What is arbitration?
Arbitration is a dispute resolution process.
When will a dispute be resolved by arbitration?
A dispute will be resolved by arbitration if the disagreeing parties have previously agreed in writing to resolve future disputes via arbitration.
How do I know if I agreed to arbitration?
You will know if you agreed to arbitration by reading carefully the contract or agreement that governs whatever item/service you purchased or signed up for. Nearly all online services will include an arbitration clause in their standard user licensing agreements. In fact, if you’ve ever clicked “I Agree” before installing software or upon creating a username/password for an online service, you have likely agreed to arbitrate a future dispute.
What if I didn’t know I agreed to arbitrate a future dispute?
If you signed a contract containing an arbitration provision, you will probably be bound to arbitrate future disputes even if you weren’t aware that the contract contained an arbitration provision.
What is the advantage of arbitration?
Arbitration can often be finalized more quickly than litigation in the state or federal court systems. Arbitration is also entirely private: there is no publicly searchable database of pending arbitration cases or their results. Arbitration can also be less formal than litigation. Of course, this depends on the complexity and size of the controversy. Smaller matters such as a consumer purchase can be resolved in a matter of months and via email exchanges and conference calls. More complex matters, such as a large construction project, will likely take over a year to resolve, and may require several in-person appearances in a faraway location and extensive personal testimony.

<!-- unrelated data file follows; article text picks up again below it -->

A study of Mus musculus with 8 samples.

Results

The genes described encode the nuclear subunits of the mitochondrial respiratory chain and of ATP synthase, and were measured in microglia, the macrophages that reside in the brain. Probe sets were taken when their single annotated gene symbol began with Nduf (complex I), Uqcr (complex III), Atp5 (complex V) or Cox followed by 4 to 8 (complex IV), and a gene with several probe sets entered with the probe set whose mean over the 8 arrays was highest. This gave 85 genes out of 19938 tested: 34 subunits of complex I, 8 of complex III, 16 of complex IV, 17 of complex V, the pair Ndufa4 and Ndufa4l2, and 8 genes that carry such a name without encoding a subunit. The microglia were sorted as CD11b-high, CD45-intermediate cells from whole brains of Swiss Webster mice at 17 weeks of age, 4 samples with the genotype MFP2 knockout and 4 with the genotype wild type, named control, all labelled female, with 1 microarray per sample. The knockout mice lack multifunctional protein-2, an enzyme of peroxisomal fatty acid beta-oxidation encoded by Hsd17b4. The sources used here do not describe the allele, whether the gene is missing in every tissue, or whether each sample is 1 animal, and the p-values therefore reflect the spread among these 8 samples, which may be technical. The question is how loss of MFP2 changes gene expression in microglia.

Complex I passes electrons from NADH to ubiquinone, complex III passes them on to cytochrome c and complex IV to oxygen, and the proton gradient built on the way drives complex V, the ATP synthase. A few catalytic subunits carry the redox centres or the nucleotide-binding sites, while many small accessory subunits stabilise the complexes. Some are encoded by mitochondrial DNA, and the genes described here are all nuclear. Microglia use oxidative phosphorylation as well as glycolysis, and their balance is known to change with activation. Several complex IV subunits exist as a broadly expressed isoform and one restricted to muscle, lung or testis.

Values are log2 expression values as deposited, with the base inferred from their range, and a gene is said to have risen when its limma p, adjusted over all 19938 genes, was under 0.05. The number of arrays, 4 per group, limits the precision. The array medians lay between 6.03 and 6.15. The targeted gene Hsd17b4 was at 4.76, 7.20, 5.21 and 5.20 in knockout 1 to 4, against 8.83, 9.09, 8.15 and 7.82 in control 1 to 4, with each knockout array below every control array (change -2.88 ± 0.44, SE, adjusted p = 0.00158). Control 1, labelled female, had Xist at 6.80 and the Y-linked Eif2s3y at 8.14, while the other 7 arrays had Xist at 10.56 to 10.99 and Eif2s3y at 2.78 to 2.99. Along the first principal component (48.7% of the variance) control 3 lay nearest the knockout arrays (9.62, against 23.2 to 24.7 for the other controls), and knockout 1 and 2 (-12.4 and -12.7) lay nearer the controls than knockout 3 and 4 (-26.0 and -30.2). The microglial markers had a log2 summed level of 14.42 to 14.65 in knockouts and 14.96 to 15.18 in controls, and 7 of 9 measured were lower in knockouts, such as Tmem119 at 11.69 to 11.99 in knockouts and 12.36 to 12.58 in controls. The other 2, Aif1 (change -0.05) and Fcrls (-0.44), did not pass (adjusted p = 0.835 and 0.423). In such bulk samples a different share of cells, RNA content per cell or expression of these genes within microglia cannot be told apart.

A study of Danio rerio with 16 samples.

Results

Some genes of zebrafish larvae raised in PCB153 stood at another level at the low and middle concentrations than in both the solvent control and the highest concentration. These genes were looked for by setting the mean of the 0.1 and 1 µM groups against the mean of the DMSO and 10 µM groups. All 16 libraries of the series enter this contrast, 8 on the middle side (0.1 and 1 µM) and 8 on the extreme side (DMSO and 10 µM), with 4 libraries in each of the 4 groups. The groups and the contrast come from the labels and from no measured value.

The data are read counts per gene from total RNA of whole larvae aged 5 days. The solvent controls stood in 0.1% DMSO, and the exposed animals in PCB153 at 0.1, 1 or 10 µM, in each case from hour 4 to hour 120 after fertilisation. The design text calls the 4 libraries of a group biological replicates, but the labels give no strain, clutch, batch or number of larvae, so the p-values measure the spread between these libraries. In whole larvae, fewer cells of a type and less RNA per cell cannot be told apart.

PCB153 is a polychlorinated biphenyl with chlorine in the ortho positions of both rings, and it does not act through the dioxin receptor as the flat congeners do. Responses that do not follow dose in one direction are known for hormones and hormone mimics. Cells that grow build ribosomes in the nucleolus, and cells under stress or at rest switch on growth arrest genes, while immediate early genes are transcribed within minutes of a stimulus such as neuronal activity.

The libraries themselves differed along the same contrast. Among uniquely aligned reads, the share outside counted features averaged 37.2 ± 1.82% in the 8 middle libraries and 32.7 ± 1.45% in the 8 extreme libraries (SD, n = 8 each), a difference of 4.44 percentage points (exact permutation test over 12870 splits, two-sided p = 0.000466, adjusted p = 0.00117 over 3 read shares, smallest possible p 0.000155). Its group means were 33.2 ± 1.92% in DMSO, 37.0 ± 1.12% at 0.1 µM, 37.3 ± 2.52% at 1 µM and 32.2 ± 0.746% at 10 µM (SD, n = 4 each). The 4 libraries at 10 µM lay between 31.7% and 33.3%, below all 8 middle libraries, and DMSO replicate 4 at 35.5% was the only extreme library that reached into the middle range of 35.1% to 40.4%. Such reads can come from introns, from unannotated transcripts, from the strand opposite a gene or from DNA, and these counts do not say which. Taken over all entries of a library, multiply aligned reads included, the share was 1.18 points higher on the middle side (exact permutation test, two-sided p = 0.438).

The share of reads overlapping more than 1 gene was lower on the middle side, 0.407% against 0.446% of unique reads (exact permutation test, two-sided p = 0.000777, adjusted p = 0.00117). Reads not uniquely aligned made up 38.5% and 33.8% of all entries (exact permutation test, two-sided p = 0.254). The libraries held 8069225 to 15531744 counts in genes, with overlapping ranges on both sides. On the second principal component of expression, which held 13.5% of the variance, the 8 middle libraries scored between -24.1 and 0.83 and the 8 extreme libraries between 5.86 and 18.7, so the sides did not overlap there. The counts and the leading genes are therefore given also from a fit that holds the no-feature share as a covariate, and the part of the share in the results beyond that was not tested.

What are the disadvantages of arbitration?
Arbitration can be expensive. The fees for arbitration are tied to the amount of the controversy: the more expensive the claim, the more expensive the filing fees. More information about arbitration fees can be found at the American Arbitration Association’s website. In addition to filing and administrative fees, arbitrators themselves will have hourly or fixed-rate fee schedules.
Besides the costs, arbitration results can generally not be appealed. In this way, the stakes of arbitration are much higher than those in formal litigation which affords several offers opportunities for appeal.
Who will arbitrate my claim?
It depends on what your arbitration clause says. Some arbitration provisions require the parties to mutually agree on a single arbitrator. Other agreements might require three arbitrators: one party selects an arbitrator, the other party selects another, and the two arbitrators themselves appoint a third. And other agreements might allow for one party to unilaterally select the arbitrator. The same arbitration provision might also require the arbitrator(s) to have certain qualifications (i.e. the arbitrator must have ten or more years of experience in the oil and gas industry).
If my opponent can pick the arbitrator, can they appoint someone favorable to them?
Yes. If your arbitration agreement allows your opponent to unilaterally select the arbitrator, you are at a disadvantage. To take an extreme example, imagine your opponent selecting their mother to arbitrate the dispute. This is admittedly unlikely to happen. However, it is commonplace for corporations to routinely employ specific arbitrators.
Fortunately, Ohio has laws that authorize a local court to review the arbitrator’s determination for things such as corruption, fraud, or undue influence. In this way a party can ensure that they obtained a reasonable result.
Can I appeal an arbitration?
In short, no. The result you obtain at arbitration is quite likely binding and final on all the involved parties. There is no arbitration appeals court.
However, Ohio law allows a local court to modify or vacate an arbitration award. But the court’s review authority is quite limited, and should not be understood as a second chance for a brand-new trial on the merits. In fact, Ohio caselaw strongly favors the arbitrator’s conclusions and routinely cautions Ohio courts from substituting their judgment for the arbitrator’s.
What if I don’t want to arbitrate my dispute?
If you don’t want to arbitrate your dispute, you might still file a lawsuit in your local court system. However, your opponent may simply ask the court to arbitrate the issue per the arbitration clause you agreed to in the contract. If your opponent never asks the court to do that, however, your issue could be resolved entirely within the court system.